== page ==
Started by Rob Neufeld in Local History. Last reply by Sheilah Jastrzebski May 16.


Part 1 of 3

by Rob Neufeld

See Part 2, about boys in 1940s

 

            “I’ve generally spent most of my life between the railroad tracks in Biltmore and the Royal Steakhouse in Fletcher,” real estate developer and former Tri-Co Service Station owner Winston Pulliam remarked to Mike Blanton on Blanton’s radio show (“Financially Speaking”).  “And I want to emphasize how blessed I have been.”

            During the Great Depression, when he was a boy, Pulliam lived on his grandparents’ 20-acre farm on Fairview Road, working the land.

            “I peeled many a peach and pitted many cherries” he told me in a recent interview.

            “We had caves on the back of our property,” he recalled. “and hoboes would stay in those caves, coming off the railroad.  They had lard buckets to make coffee in, and I’d take them food over there when I was eight or nine years old.
            His father advised him to take “a bag of something” to neighbors and say, “The lady next door just gave me this (for the hoboes).  What can you give me?”

            After Saturday chores, Pulliam, nicknamed “Pullie,” often went to hang out with his friends—Charles Thomas “Tommy” Koontz, Tommy Arakas, and others in the village, even though Oakley boys were discouraged from crossing into that territory.

            But boys’ friendships, during the Depression and World War II, crossed boundaries.  Tommy’s family was “as poor as Job’s church mouse,” Tommy said in the recollection session with Pulliam. 

            His father, Ralph Koontz, “was a sick man when he was young, He had TB and spent time at the sanitarium in Swannanoa.” He did various jobs. 

            “According to my mother,” Tommy said, “we moved every time the rent came due.”

            Koontz’s first memory of Biltmore Village was when “Mama” Gray, the landlord of the 7 All Souls Crescent upstairs apartment in which the Koontzes resided, came around yelling out, “Yoo-hoo, do you have anything for me today?”

            Another early memory was of the goat man coming into the village with his goat and wagon for family photo ops.  Tommy’s mother, Elizabeth Vance Koontz, found the money for one such occasion in 1938.

            The boys were friends with Harold and Ruel Austin, sons of Biltmore Estate’s chief ranger; and had free access to the estate.  “I slept probably 50 times in the Biltmore House,” Pulliam recalled.

            Harold and Ruel “had a pet deer they got as a baby, and bottle fed him,” Pulliam recalled.  “His name was Jim…I’m the only person that tried to ride Jim (unsuccessfully).

            “Two weeks ago, I called Ruel and asked him, ‘How did Jim die?”  He said, ‘They gave him to Laurence Brown, the sheriff, to put up on his farm.  And Jim wandered into some fellow’s back yard, and this man thought he was a wild deer, and shot him.”

            “It was the worst of times and the best of times,” Koontz recited, reflecting on the era that featured poverty and community, an empty belly and a fire in the belly, lightness of heart and darkness of circumstance.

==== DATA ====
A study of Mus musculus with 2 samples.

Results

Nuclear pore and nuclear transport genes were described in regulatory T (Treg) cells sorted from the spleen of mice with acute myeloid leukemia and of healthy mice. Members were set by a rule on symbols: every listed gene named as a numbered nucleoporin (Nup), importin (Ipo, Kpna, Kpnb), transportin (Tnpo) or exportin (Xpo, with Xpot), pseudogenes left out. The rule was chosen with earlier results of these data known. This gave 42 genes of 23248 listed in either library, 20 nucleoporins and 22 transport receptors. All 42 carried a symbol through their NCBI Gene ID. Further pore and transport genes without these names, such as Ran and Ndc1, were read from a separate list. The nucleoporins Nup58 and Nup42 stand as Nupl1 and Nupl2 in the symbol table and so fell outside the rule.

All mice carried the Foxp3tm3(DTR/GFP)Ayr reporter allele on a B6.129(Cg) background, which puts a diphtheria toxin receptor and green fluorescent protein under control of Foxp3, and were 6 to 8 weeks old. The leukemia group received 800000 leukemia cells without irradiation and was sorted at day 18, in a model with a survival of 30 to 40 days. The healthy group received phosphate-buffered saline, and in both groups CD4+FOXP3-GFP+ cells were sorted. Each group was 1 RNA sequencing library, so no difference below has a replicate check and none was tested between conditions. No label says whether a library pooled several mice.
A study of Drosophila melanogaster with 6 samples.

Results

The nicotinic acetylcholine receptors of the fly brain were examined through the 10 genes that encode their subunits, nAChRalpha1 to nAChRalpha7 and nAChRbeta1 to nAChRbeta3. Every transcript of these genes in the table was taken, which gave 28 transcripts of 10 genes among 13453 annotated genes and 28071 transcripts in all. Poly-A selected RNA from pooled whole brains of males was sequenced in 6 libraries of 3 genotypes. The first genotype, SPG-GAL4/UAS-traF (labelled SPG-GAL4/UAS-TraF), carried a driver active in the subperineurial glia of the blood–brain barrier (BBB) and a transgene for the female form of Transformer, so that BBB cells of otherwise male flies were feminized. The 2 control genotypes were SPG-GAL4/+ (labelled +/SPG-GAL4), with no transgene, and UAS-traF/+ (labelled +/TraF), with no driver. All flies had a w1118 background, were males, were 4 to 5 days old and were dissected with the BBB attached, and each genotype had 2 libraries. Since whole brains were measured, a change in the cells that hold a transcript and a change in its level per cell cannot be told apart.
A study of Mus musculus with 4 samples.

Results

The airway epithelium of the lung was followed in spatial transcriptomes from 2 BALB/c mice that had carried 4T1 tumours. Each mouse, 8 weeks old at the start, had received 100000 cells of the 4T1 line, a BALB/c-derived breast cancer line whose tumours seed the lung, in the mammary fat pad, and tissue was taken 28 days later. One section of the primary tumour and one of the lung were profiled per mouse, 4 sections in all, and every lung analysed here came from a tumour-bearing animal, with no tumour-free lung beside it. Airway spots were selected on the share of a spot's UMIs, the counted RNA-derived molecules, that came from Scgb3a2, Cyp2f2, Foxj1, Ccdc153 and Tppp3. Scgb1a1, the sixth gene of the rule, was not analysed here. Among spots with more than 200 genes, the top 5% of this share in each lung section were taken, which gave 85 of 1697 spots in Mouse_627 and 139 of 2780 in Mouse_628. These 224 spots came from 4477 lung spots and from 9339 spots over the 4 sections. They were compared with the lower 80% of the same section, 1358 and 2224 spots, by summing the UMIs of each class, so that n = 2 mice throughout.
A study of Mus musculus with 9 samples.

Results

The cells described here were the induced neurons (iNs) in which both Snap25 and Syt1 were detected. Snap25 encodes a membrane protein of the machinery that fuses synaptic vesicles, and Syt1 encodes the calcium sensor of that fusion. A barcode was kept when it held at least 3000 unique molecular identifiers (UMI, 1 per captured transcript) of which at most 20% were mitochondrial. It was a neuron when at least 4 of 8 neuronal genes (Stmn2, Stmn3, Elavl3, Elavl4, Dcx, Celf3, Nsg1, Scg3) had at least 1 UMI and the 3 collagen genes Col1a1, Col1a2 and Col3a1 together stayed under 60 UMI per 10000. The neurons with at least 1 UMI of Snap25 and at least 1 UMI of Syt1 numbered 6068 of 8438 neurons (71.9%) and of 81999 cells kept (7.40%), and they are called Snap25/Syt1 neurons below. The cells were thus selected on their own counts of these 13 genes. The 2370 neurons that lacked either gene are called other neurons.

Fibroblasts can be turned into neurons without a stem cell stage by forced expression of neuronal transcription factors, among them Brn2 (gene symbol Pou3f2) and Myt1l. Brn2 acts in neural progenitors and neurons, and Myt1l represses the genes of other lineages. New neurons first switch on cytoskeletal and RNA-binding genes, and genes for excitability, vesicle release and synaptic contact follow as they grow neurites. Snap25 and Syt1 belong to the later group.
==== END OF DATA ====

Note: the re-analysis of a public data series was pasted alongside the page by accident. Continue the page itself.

“We had God in our lives,” Pulliam said.

            Darkness was what Tommy had experienced off and on for a year when he was six, staying in his bedroom with the windows curtained.

            “I failed my first year of school at the Newton Academy up on Biltmore Ave.,” he said, “because I was absent about every other week because  I had every other childhood disease that came along—measles, the mumps, chicken pox, everything but scarlet fever.  I remember that public nurse coming and tacking that yellow sign up on the door: Quarantine.  People couldn’t come to see you.  You couldn’t go out.  You were isolated.”

            This was especially hard in a neighborhood in which there was so much social activity—people out on porches, children crossing yards under the care of dozens of surrogate parents, people doing business.

            “I knew the names of everybody who lived from West Chapel Road to Biltmore,” Koontz said.

            Missing school was tough, too.  It was not only an extension of the social scene, it was a field of dreams.  Koontz would later serve in his life as the long-time principal of T.C. Roberson High School.  This past January, the new Intermediate School on Overlook Rd. was named after him.

            “I was in the sixth grade with Dewey Callaway,” Pulliam related, “and the teacher asked us, ‘What do you want to be when you grow up.  Dewey put down, ‘I want to own the Biltmore Shoe Shop’ (owned by L.A. Spake, who’d employ Dewey).  He stayed 28 years in the Army, came back home, and bought that shoe shop.”

            Many kids went to work at an early age, often in jobs that served the community.

            “I was hopping curb at the Hot Shot (Café) when I was 12,” Pulliam recalled.  “They had the hot dogs, hamburgers, roast beef, roast pork, cheeseburgers, barbecue, combination, ham, spam, ram, lamb, bull, beef, and bear,” he chanted.

            Pullie’s dream as a kid was to own a service station; and he accomplished that, first an Esso on Coxe Ave., then the Tri-Co on Brook St. in Biltmore Village.

            Tri-Co became the gathering place in the post-World War II years, as Pulliam worked from 6 a.m. to 9 p.m., and entertained as well as served customers.  “We had printed on our charge tickets,” he told Blanton, “We fix everything but broken hearts, and we work on them.”

 

PHOTO CAPTION

Richard Koontz, age 4, and Tommy Koontz, age 6, pose in the goat man’s wagon in Biltmore Village, 1938.  Photo courtesy Tommy Koontz.